Fighting the First World War was phenomenally expensive, made even more so by rampant inflation. Even before the war, Britain was engaged in an arms race, spending £74m, or 21% of total expenditure, on defence in 1913. This figure was to be utterly dwarfed in the next five years. In 1918, Britain's military expenditure reached £2.4bn. It was the exceptional challenge of funding such enormous expenditure that David Lloyd George foresaw when he spoke in the House of Commons on 5 August 1914, the day after Britain entered the war: 'In this tremendous struggle finance is going to play a great part. It will be one of the most formidable weapons in this exhausting war.
Taxes were raised in order to bring more money into the public coffers. Income tax rates more than doubled in the course of the war, and earnings inflation meant that a higher proportion of the population reached the payment threshold. By 1920 three million people in Britain were eligible to pay, compared to 1.1 million in 1914. Indirect taxes were also increased, and a new excess profits duty was introduced for companies. In all, the government's tax income rose from just under £300m in 1914 to over £1bn in 1919. Nevertheless, war expenditure outstripped it three to one. The shortfall in 1916 alone was twice the size of the total national debt before the war.
We are most of us above the military age, at present. Our time may come; but if we cannot go into the trenches we can, at any rate, endeavour to take our part in providing the sinews of war for the gallant fellows who are fighting our battles for us.
Chairman's speech to Williams Deacon's Bank AGM, January 1916
The government needed to borrow enormous sums. International borrowing became a necessity, but the government strove to raise as much as possible domestically. To achieve this, it needed extensive support from the British banks.
As before the war, treasury bills remained a key strand in the government's financing activities, and the banks remained significant holders of them. As the war went on, however, it became clear that such short-term instruments were insufficient. Three longer-term instruments came to the fore:
- Exchequer bonds had been the government's usual source of medium-term borrowing before the war, and remained so. As with the treasury bills, banks were a key buyer. British government securities came to dominate the British banks' balance sheets, representing 75% of their total securities by 1918, compared to 13% in 1913.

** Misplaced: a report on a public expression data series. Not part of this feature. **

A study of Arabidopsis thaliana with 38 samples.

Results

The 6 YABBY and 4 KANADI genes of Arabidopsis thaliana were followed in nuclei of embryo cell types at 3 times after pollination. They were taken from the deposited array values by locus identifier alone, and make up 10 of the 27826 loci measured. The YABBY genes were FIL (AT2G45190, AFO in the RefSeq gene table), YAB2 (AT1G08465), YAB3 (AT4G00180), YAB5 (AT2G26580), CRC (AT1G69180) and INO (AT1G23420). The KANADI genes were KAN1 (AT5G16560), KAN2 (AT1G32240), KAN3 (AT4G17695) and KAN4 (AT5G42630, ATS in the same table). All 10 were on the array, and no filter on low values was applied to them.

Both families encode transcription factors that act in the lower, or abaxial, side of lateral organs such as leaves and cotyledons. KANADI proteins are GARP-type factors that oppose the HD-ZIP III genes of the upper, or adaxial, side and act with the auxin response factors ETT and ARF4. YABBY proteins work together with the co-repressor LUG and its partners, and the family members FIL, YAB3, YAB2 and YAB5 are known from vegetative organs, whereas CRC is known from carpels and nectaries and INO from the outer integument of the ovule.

- A series of war loans, raised in 1914, 1915 and 1917. Initially aimed principally at institutional investors, the later loans also sought investments from the wider population, and were extensively marketed and sold by the banks.
- National war bonds, first sold in 1917, introduced a system of continuous medium-term borrowing. These, too, were bought through the banks, as well as through post offices.
Still needing more money, the government broadened its focus, seeking to attract investments from the broadest possible range of the population, including those on relatively low incomes. Marketing to the population at large was managed by War Savings Committees, often supported by banks and bankers, both nationally and at the local level. Their work became the beginning of an initiative that was to endure much longer than the war itself; the National Savings movement. During the war, the committees promoted continuous efforts to sell war savings certificates and war bonds, many of which were sold through the banks. They also undertook targeted campaigns, including the famous Tank Bank tour.
In seeking investments from the wider population, the government was asking for money that, in many cases, would otherwise have been in bank savings accounts. Nevertheless, many people's incomes rose in wartime, and in spite of the competition for customers' money, the banks saw their deposits rise from just over £1bn in December 1914 to nearly £2bn four years later. The value of money had, of course, been hugely reduced by inflation, but it is still true that, after the initial shock of summer 1914, the banks fared well in the difficult circumstances of war.
Through its network of borrowing vehicles, combined with international borrowing, the government managed to continue funding the war. Nevertheless, the long-term cost was high. By 1920 the national debt was £7.9bn. Just paying the interest on that debt cost the country £375m in that year - more than the nation's entire expenditure had been in 1913.